Russian Sports Minister Pavel Kolobkov has said here today that the aim of the Russian Anti-Doping Agency (RUSADA) is to regain provisional compliance with the World Anti-Doping Agency (WADA) by May, with the view to being fully re-instated by November.
RUSADA was heavily criticised in a WADA Independent Commission report in November 2015, when explosive reports of state-supported doping within the country's athletics programme were revealed.
It led to the body being declared "non-compliant" by WADA following a Foundation Board meeting in Colorado Springs.
Speaking here today at the WADA Annual Symposium in the Olympic capital, Kolobkov said: "WADA approved a roadmap outlining RUSADA's steps towards full compliance with the World Anti-Doping Code.
"Some of the criteria have already been met and we are working on completing the rest.
"The plan is to get provisional compliance in May 2017 and in November 2017, RUSADA wants to be fully reinstated."
Kolobkov, who replaced Vitaly Mutko as Sports Minister last year following his promotion to Deputy Prime Minister, was present here to provide an update on the anti-doping activities of Russia.
He pointed out how RUSADA's budget has been tripled and approved for the period from 2017 to 2019.
This, he says, is based on the recommendations given by WADA and nominated independent experts.
Despite Kolobkov's optimistic outlook, WADA President Sir Craig Reedie said here today that RUSADA still has significant work to do in order to get its suspension lifted.
"As far as we are concerned, we work literally every day with the authorities in Russia and in RUSADA, and our team there, to try to produce a situation where RUSADA can be compliant," the Scot said.
"I have to say at the moment there is much to do.
"I thought the Minister was actually pretty helpful today in many things that he said.
"Sitting here and now in the roadmap, I question whether we will be ready for May.
"There is much to be done, but that having been said, the world of sport will be very well served by a compliant RUSADA.
"I've been on the record on this for a long time; we have to get the biggest country in the world compliant with the World Anti-Doping Code."
Kolobkov also claimed that anti-doping authorities are now paying "special attention" to the Russian sports system.
"We are ready to cooperate," he added.
"We are open for all kind of inspections of individual athletes and organisations, such as RUSADA."
Last week, two-time Olympic pole vault champion Yelena Isinbayeva was reappointed chair of the Russian Anti-Doping Agency (RUSADA) Supervisory Board, despite direct opposition from WADA.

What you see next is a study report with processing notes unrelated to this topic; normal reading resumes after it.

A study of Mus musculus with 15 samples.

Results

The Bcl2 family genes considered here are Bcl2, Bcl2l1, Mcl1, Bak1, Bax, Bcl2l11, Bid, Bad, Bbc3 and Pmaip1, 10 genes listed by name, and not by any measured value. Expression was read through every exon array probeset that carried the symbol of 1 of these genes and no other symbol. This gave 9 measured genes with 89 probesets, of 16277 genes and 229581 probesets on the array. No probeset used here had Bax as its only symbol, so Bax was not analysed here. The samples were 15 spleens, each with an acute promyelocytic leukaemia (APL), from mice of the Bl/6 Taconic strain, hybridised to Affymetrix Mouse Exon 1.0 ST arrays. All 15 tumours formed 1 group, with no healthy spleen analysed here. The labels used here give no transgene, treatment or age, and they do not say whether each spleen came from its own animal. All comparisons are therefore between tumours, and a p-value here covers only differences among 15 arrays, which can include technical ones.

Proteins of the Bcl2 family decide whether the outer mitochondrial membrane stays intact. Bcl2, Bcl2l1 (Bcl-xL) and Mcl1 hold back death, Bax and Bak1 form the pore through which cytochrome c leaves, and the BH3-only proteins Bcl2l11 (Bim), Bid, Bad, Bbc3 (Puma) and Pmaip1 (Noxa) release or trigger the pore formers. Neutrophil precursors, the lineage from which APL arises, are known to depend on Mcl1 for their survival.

The decision appeared to be a major blow to RUSADA's attempt to be renamed compliant with WADA and also shed serious doubt on the prediction of Russian Olympic Committee (ROC) President Alexander Zhukov that the body should achieve the status by May.
Isinbayeva, a member of the International Olympic Committee (IOC), was first elected to the position in December.
insidethegames understands that WADA subsequently questioned the decision as they did not believe she was the appropriate person to lead the organisation's recovery from being declared non-compliant in 2015.
This led to a fresh RUSADA electoral process.
It was announced earlier last week that Isinbayeva had returned to the Supervisory Board.
It was thought that WADA had accepted this decision so long as she was not eligible to run for chair, President or vice-chair.
It was announced on Thursday (March 9), however, that Isinbayeva had been re-elected chair after being proposed to the role by the ROC.
According to the WADA-commissioned McLaren Report, around 1,000 Russian athletes have been implicated in a "institutional" doping system in which samples were manipulated and tampered with at event including the 2014 Winter Olympic and Paralympic Games in Sochi.
Both the International Association of Athletics Federations and the International Paralympic Committee have suspended the respective Russian national bodies.
A reinstatement of RUSADA compliance with WADA is considered an essential step towards either of these suspensions being lifted.
"The ball is in their camp," WADA director general Olivier Niggli said.
"They know what they have to do and we’ll see when they are able to deliver this programme."
Russian President Vladimir Putin said earlier this month that the country should "heed the demands" of the McLaren Report.
Niggli described Putin's comments as "very encouraging".
"They were going into the right direction and hopefully they were changing the mindset of a number of people in Russia by recognising McLaren’s findings and by encouraging everybody to make the appropriate change to happen."